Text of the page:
Teaching And Learning Optimism - Deepstash
Teaching And Learning Optimism

Teaching And Learning Optimism

Interestingly, life provides the same problems, tragedies and setbacks on both an optimist and a pessimist, but the optimist is able to weather them better and live a happy, successful life. It is possible to learn and teach optimism and change one’s perception of life.


This is a concept that suggests that we can always change our attitude and behaviour, be aware of our thoughts and stop our negative self-talk.

Learned Optimism is a positive psychology concept, and is the opposite of Learned Helplessness, which states delves into people who believe they are incapable of changing their circumstances after repeated exposure to stressful and negative events.


The ways in which we think affects our health, well-being and success, even though the situations are the same.


  • Optimists attribute failure to external, localized circumstances and keep their self-esteem and positivity intact.


  • _Adversity is the problem in hand, and your Belief is how you explain that problem to yourself.
  • The Three P’s come into play while you encounter something (I lost my job) and how you explain that (I am unworthy!).
  • If you think you are never going to get any other job again and will starve to death, that is the point that you need to change (Going from A to B).
  • The consequences are what you get, based on how your self-talk._


  • Personalization: Optimists tend to externalize any failure, rather than taking it personally or blaming themselves.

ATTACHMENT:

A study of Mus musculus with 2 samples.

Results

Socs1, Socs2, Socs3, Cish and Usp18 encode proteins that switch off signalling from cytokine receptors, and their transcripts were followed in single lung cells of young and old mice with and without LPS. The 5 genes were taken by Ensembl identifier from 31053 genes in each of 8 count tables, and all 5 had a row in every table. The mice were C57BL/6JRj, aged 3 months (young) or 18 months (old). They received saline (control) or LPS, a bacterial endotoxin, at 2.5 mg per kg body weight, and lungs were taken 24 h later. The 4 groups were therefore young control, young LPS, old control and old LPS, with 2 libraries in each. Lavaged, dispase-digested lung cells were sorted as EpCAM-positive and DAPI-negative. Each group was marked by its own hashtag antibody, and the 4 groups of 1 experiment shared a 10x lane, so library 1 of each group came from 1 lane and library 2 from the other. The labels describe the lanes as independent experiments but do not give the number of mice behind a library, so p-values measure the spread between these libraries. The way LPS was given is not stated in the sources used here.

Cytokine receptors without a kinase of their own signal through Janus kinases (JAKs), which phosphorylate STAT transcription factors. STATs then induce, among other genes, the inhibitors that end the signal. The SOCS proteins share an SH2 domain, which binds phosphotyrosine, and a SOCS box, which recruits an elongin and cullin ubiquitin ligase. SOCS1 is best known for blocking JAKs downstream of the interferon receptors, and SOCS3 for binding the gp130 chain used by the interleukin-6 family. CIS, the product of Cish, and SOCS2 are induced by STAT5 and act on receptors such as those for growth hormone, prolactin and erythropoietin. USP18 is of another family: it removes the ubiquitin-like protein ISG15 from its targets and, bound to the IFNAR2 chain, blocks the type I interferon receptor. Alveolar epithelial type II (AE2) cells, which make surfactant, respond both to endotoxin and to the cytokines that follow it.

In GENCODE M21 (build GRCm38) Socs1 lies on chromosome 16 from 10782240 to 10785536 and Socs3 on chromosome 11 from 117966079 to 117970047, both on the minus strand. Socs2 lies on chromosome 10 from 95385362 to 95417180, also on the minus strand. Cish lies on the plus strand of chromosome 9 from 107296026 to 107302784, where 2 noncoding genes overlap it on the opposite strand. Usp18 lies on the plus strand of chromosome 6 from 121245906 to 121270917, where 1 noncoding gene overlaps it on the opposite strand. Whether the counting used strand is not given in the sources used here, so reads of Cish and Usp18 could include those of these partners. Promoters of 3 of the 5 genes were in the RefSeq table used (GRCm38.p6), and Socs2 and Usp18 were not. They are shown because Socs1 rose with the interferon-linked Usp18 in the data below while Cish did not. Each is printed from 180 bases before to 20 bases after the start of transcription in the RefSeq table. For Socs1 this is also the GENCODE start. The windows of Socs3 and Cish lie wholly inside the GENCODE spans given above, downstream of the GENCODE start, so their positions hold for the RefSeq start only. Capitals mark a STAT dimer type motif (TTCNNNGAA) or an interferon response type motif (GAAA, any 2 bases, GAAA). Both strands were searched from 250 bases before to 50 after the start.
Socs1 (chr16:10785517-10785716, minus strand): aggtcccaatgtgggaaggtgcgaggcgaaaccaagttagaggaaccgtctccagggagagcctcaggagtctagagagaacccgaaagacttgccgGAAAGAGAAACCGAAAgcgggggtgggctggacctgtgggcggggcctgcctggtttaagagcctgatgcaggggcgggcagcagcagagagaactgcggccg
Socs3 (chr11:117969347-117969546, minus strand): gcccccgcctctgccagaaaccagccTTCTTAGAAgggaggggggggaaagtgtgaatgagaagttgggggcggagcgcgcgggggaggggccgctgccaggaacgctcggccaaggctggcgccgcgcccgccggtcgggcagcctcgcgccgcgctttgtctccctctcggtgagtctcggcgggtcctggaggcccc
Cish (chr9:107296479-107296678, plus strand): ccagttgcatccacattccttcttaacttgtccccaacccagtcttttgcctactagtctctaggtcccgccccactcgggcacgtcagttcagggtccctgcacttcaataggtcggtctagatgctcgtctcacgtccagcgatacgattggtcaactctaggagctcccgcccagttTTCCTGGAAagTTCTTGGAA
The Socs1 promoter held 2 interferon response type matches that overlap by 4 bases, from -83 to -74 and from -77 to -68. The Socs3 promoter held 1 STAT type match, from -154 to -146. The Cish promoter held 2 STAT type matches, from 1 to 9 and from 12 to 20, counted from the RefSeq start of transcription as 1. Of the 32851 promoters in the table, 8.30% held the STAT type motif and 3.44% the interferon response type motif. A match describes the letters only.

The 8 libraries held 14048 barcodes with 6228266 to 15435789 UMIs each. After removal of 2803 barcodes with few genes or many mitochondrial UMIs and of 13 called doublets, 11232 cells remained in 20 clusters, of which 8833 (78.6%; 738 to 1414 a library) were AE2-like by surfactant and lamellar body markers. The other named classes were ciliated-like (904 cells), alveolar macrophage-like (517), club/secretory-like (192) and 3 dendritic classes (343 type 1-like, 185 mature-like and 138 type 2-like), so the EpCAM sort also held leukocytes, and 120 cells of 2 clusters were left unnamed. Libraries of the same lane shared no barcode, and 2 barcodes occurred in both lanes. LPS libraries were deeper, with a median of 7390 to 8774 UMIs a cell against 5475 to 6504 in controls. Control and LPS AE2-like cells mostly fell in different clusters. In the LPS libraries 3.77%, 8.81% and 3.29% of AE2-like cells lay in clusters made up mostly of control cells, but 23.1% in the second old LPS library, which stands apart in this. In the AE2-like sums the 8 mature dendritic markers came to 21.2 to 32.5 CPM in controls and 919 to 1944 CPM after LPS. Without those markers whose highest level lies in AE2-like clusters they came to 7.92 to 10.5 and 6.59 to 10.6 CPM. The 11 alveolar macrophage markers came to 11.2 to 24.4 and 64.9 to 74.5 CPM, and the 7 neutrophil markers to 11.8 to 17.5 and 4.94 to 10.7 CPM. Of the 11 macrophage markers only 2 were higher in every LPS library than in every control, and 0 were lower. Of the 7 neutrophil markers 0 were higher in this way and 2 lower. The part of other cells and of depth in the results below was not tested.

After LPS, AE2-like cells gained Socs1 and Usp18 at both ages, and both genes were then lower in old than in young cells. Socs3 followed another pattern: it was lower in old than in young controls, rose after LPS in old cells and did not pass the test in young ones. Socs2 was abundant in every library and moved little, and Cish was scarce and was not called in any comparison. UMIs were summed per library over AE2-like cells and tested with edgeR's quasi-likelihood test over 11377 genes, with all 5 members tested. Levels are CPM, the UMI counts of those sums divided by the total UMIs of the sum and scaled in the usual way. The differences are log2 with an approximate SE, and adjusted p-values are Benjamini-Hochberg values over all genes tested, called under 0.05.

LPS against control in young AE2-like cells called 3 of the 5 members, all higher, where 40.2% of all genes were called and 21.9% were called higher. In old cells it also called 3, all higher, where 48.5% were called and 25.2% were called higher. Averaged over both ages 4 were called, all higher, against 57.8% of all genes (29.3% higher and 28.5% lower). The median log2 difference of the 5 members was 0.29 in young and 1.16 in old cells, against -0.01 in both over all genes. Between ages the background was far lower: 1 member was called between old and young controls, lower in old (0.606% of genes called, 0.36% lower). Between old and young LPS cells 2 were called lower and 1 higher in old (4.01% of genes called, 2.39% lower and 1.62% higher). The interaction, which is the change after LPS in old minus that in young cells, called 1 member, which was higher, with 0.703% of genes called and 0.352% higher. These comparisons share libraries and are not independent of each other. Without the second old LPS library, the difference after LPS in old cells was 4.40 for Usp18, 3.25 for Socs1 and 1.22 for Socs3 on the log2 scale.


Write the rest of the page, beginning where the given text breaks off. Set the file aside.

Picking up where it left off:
• Pervasiveness: While pessimists tend to close the doors after facing a setback, optimists see negative events as temporary and bounce back.
  • Permanence: A negative situation is often viewed as lasting or unchangeable by pessimists while optimists understand that things are flexible, and changeable.


Having the locus of control on the outside makes it subject to every twist and turn of our lives, making us feel helpless.

  • Provides motivation to work harder.
  • Greater career success in life.


A sense of optimism

What you need to maneuver through a world of uncertainty is a sense of optimism—an attitude characterized by hope and confidence in a positive future.

Optimistic attitudes are linked to a number of benefits, including better coping skills, lower stress and anxiety levels, better physical health, healthier relationships, and higher motivation and resilience when pursuing your goals.


Well-being can be broken into five elements:

  • Positive emotion
  • Engagement
  • Relationships
  • Meaning
  • Accomplishment

If you improve these, you will be closer to happiness.


Looking at the bright side of life, and putting more weight on the likelihood of positive events happening around us is known as Optimism Bias.

The two beliefs that form this bias are:

  1. A belief that we possess a greater amount of positive traits than others.
  2. A belief to have some kind of control over the world around us.